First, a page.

On November 23, the U.S. Transportation Secretary announced a new federal rule that will prohibit truck and bus drivers from using hand-held cell phones when they are behind the wheel. No matter what type of vehicle you are in, it is dangerous to use a cell phone while driving, but putting one in the hands of a driver of a several ton vehicle is particularly dangerous. So, this new regulation comes as good news for improving our highway safety.
According to the press release from the Federal Motor Carrier Safety Administration (FMCSA), the new rule “prohibits commercial drivers from using a hand-held mobile telephone while operating a commercial truck or bus.” The penalty for violating this new rule can be as much as $2,750 for each offense. Multiple offenses by one driver could mean their disqualification from operating a commercial motor vehicle. Importantly, the penalties extend beyond just the driver of the vehicle. Commercial truck and bus companies can also face fines up to $11,000 for allowing their drivers to use hand-held cell phones behind the wheel.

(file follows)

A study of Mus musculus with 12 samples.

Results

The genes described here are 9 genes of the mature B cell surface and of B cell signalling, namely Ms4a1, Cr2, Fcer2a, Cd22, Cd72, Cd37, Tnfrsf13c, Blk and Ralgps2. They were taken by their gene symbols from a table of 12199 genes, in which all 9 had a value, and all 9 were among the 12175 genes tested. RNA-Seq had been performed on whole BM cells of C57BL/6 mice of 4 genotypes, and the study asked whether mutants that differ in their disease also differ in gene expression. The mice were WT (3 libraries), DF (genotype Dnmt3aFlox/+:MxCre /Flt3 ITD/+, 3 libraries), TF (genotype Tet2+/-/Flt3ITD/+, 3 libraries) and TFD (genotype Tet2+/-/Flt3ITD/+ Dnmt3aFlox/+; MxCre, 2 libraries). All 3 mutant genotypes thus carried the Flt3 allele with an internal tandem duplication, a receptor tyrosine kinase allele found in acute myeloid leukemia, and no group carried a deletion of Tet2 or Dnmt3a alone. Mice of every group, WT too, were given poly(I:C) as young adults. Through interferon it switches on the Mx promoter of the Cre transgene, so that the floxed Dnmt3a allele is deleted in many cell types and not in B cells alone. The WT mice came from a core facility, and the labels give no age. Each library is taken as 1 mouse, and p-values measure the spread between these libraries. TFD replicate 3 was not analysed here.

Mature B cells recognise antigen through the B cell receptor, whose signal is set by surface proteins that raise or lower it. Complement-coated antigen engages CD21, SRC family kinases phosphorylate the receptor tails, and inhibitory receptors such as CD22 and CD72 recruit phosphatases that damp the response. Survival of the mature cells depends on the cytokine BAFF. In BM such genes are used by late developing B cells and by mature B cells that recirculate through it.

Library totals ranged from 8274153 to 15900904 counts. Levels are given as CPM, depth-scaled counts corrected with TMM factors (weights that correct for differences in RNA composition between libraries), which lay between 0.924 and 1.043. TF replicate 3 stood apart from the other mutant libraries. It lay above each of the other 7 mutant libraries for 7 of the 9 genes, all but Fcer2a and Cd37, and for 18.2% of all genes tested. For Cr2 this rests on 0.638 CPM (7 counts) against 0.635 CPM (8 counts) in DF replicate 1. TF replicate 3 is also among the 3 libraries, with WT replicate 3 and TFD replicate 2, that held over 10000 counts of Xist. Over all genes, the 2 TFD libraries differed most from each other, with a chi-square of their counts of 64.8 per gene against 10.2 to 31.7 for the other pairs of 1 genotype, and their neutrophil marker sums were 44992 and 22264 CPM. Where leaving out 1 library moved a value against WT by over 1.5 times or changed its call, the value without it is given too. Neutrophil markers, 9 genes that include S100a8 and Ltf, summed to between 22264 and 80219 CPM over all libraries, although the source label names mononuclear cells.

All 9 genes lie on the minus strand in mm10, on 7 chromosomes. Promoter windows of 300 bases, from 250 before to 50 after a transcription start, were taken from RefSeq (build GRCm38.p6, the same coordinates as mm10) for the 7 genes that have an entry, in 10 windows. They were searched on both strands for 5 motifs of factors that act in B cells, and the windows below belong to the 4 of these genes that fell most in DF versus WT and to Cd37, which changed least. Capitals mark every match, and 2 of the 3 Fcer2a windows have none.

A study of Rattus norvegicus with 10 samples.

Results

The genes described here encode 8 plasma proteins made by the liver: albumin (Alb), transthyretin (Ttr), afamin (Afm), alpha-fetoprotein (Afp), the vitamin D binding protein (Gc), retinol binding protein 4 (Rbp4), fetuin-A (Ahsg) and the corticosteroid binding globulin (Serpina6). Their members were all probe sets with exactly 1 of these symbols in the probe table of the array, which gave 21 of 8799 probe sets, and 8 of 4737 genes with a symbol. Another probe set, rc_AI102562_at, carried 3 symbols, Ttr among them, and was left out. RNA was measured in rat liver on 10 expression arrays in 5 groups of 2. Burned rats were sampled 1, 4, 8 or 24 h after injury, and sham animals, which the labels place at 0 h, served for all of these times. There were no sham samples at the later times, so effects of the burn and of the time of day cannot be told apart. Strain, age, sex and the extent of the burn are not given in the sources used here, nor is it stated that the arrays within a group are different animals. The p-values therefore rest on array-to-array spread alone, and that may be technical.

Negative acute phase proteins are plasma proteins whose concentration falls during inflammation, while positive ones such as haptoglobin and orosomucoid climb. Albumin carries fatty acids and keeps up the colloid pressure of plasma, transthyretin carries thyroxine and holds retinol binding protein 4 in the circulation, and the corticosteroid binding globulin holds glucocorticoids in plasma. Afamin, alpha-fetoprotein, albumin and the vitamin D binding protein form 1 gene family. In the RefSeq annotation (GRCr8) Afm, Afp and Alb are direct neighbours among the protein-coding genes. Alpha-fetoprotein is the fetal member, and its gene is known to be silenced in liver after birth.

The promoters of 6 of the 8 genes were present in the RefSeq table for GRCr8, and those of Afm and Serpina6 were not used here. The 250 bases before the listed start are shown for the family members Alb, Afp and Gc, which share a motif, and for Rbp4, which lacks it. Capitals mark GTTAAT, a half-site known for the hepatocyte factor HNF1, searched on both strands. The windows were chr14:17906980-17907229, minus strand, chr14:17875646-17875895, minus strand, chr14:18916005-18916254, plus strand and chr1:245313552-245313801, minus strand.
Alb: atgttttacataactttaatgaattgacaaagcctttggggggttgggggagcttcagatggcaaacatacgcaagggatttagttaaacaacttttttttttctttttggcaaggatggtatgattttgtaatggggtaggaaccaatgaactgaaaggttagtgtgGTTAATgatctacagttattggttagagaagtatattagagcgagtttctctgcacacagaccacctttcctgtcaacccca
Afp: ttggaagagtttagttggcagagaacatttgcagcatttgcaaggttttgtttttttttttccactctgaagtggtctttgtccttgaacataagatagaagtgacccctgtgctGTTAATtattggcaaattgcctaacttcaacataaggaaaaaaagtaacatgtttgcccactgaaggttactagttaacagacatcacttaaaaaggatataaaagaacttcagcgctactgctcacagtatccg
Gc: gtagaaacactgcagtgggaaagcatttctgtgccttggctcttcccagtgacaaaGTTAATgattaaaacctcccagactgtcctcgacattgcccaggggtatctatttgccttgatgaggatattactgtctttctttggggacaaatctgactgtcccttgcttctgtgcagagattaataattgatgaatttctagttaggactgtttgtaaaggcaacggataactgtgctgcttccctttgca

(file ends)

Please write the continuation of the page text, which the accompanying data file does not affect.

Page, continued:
While research has shown that any cell phone use—hand-held or not—amounts to distracted driving and increases the risk of crashes, the new federal rule seems to target the most dangerous use of cell phones: having to take your hands off the wheel to use it.
According to the same press release from the FMCSA, commercial drivers reaching for an object like a hand-held cell phone are three times more likely to be involved in crash. And using that device to dial a number and make a call means that the driver is six times more likely to be involved in a crash.
Addressing the risks of distracted driving is an ongoing battle for safety agencies and advocates. This rule is an important step in the right direction.
A partner with Inserra & Kelley, Attorneys At Law since 1993, Craig Kelley focuses on personal injury law with a large emphasis on motorcycle and bicycle related cases and claims with the goal of first helping clients heal and then getting speedy resolution of their disputes.